Last year COVID-19 lockdowns were almost a novelty, this year they became a harsh reality. Once again our homes became not just our havens, but our offices, classrooms, gyms and even holiday destinations. The increasing uncertainty of the pandemic didn’t weaken the property market, it fuelled it and across the first quarter of the financial year, the real estate industry as a whole performed marvellously.
The resilience of the market not only in the Lower North Shore, but across Australia has been astounding. Property prices have continued to surge to unprecedented levels. CoreLogic recently announced that its estimate of the total value of residential real estate in Australia has surpassed a new record of $9.1 trillion, gaining $1 trillion in five months.
The Real Estate industry has weathered the storm. Buyers, sellers, renters, investors, agents, property managers have pivoted and adapted to digital real estate processes. Online auctions, private one-on-one inspections and video viewings became the norm whilst navigating ever-changing restrictions, juggling working from home and home-schooling.
Through a mixture of hard work, resilience and an unfaltering commitment the property market continued to thrive and achieve new levels.
Public open homes to private qualified inspections
Physical open homes were no longer an option when the snap lockdown was announced in late June. The industry had to quickly find an alternative. One-on-one private inspections combined with virtual video tours and 3D mapping continued to attract prospective buyers and fuel a competitive market.
Capitalising on eager and pre-qualified buyers, vendors brought forward their campaigns and we facilitated more deals pre-auction than ever before. According to REA insights, the typical days on site for properties for sale in New South Wales stood at 30 days in August, down an incredible 42 days from 12 months prior.
Notably, the unconventional process of hosting auctions online didn’t unnerve potential buyers. The average number of bidders remained consistently high in the Lower North Shore. During September Sydney recorded a weekend clearance rate of 85.3 percent – the highest monthly clearance rate ever recorded.
Expats continue to stimulate an intensifying market
Despite lockdowns, expat couples and families sought to return to Australia as their safe haven. They accelerated their plans to come home and continued to land in our luxury market.
Depending on where they were residing, expats were able to get better value for their money due to the conversion rates of the AU dollar. Seeking proximity to the CBD, prestigious schools and intimate tranquil communities, many were determined not to miss out and secured properties having only viewed them via video.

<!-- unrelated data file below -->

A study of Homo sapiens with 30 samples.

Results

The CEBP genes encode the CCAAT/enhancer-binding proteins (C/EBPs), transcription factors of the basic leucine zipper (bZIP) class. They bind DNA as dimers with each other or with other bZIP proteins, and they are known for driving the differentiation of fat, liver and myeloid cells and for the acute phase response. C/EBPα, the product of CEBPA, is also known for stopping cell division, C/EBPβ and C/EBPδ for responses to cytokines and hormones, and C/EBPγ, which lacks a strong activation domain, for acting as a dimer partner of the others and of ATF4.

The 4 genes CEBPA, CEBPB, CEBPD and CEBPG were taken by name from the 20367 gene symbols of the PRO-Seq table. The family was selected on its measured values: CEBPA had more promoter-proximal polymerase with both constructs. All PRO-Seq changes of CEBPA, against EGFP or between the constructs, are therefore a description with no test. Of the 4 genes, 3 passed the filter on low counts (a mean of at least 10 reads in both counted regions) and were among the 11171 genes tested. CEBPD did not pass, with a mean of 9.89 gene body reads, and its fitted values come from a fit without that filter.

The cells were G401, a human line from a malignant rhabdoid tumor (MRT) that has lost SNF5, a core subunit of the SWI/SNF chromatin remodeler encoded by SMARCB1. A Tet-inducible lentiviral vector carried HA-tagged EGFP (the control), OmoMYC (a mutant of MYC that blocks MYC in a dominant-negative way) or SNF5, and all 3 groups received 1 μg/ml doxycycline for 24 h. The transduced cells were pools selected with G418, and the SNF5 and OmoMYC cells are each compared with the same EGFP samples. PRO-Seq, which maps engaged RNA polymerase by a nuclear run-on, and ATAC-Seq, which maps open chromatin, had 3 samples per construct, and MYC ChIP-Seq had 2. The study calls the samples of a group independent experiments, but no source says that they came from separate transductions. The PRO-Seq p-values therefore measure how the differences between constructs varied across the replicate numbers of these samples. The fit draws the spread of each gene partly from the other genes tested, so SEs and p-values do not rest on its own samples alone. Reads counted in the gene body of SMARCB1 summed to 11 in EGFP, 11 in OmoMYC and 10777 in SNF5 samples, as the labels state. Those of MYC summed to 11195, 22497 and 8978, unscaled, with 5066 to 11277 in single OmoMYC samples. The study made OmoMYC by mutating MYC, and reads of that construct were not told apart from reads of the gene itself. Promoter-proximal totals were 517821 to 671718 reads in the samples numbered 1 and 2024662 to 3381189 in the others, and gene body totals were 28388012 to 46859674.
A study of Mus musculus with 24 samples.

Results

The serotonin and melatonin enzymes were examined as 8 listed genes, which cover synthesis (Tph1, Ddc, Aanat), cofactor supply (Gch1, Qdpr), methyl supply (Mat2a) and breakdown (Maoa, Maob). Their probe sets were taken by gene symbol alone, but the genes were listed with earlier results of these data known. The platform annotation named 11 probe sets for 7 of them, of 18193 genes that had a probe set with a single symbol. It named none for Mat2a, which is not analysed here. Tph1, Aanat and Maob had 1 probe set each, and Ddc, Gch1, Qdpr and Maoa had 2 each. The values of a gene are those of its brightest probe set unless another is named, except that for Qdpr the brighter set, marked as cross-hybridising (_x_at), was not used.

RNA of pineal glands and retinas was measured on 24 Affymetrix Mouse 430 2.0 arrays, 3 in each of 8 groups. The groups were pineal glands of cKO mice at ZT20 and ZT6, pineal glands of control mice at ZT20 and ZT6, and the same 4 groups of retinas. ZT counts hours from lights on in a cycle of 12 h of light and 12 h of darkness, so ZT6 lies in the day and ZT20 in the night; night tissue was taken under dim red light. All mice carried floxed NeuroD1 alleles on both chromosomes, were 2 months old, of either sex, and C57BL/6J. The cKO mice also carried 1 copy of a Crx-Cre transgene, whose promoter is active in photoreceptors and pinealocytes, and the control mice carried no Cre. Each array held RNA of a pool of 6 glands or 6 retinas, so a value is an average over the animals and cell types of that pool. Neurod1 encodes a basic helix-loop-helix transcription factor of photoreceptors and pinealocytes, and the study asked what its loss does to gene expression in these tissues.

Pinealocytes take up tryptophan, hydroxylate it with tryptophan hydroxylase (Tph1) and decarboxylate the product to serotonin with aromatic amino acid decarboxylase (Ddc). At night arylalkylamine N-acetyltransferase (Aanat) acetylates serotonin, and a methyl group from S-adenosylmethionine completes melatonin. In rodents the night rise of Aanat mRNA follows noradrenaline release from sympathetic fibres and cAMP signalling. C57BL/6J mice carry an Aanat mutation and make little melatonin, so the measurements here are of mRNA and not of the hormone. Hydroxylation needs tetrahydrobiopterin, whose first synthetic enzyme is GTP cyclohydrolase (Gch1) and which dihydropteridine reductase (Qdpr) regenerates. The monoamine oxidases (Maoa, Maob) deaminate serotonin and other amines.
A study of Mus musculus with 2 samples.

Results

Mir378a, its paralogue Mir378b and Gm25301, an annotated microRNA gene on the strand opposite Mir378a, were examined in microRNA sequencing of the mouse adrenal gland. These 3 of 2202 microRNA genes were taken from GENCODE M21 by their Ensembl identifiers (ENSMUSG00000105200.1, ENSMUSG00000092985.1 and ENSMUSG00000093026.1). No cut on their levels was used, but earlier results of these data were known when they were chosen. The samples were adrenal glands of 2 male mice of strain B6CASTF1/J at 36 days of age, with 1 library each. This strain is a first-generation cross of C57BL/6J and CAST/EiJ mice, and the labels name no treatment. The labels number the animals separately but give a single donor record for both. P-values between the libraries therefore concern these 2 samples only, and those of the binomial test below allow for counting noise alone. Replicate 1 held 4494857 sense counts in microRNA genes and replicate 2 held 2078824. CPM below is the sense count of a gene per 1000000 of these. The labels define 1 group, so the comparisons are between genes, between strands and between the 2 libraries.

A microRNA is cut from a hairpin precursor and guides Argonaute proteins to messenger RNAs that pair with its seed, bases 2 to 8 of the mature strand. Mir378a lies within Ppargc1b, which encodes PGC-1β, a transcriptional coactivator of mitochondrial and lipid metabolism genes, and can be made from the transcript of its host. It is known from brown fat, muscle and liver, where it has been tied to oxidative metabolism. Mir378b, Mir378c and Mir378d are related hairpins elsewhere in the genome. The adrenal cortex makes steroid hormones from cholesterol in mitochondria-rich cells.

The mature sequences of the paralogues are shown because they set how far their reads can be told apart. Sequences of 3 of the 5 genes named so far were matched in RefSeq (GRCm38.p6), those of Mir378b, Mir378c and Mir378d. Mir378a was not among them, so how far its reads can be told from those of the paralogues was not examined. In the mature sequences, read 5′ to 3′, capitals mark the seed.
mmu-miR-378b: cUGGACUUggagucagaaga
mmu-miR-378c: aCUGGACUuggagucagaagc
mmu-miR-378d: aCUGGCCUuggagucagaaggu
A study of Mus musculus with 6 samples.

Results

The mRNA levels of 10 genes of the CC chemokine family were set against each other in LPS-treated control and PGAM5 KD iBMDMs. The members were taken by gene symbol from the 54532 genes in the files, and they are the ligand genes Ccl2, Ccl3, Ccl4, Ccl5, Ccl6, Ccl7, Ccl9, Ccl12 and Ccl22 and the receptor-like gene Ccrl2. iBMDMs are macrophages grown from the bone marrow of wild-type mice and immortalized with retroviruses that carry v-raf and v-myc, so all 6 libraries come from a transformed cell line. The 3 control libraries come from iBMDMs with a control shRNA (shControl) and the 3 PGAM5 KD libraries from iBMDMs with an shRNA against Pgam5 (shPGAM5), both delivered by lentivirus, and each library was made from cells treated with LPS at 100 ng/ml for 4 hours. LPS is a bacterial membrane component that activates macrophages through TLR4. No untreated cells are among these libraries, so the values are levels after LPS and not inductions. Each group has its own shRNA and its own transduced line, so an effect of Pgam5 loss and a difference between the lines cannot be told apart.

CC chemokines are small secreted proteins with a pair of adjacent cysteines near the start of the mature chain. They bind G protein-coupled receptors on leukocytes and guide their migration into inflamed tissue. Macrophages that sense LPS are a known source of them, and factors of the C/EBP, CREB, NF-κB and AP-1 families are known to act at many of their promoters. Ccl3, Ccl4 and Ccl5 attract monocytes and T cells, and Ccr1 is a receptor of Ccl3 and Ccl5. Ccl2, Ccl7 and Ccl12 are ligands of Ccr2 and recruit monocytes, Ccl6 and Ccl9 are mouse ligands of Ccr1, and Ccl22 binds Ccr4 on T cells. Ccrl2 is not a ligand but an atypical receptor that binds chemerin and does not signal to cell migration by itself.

If purchases were missed, expats quickly snapped up luxury rental properties in our market to hold for six to 12 months while they searched for their dream home.
Combined with upsizers and downsizers, expat buyers boosted luxury property prices to new heights. Consequently, according to global property researcher, Knight Frank, luxury homes are forecasted to rise by 10 per cent in 2021, and an additional 7 per cent in 2022.
Pre-approved buyers incite competition
Homes and loans are inextricably linked. When the property market reaches a fever pitch, the lending sphere follows suit.
The insanely competitive market in the Lower North Shore drove different borrowing strategies from potential buyers. Aided with the digitisation of the lending process, an influx of pre-approved buyers surged across the Lower North Shore. They bid confidently for high end properties and adopted an ‘If I can’t have that one, I will bid on the other one’ approach to the market.
In response to the consistently buoyant property market, the Australian Prudential Regulation Authority (APRA) recently announced a tightening of lending regulations. While these subtle serviceability buffers will curb the ratio of high debt to income borrowing, they are not expected to have a negative impact on price growth in the property market, especially in the Lower North Shore.
After being thrust into another impending lockdown, renters continued to flock to the Lower North Shore in the rental upgrade phenomenon.
Large light-filled living spaces and private studies were highly sought after and prospective tenants offered significant increases to asking rents in order to secure properties ahead of the competition.
Similar to open homes, the online due diligence and property viewings created decisive renters who were ready to move on rental properties faster. 83 per cent of prospective renters believe that a virtual tour helps them to improve their rental shortlist, according to the Digital Inspections Consumer Survey by the REA Group.
This pivot to digitisation propelled more qualified rental applications and some deposits were being paid in less than 24 hours from first viewing the property.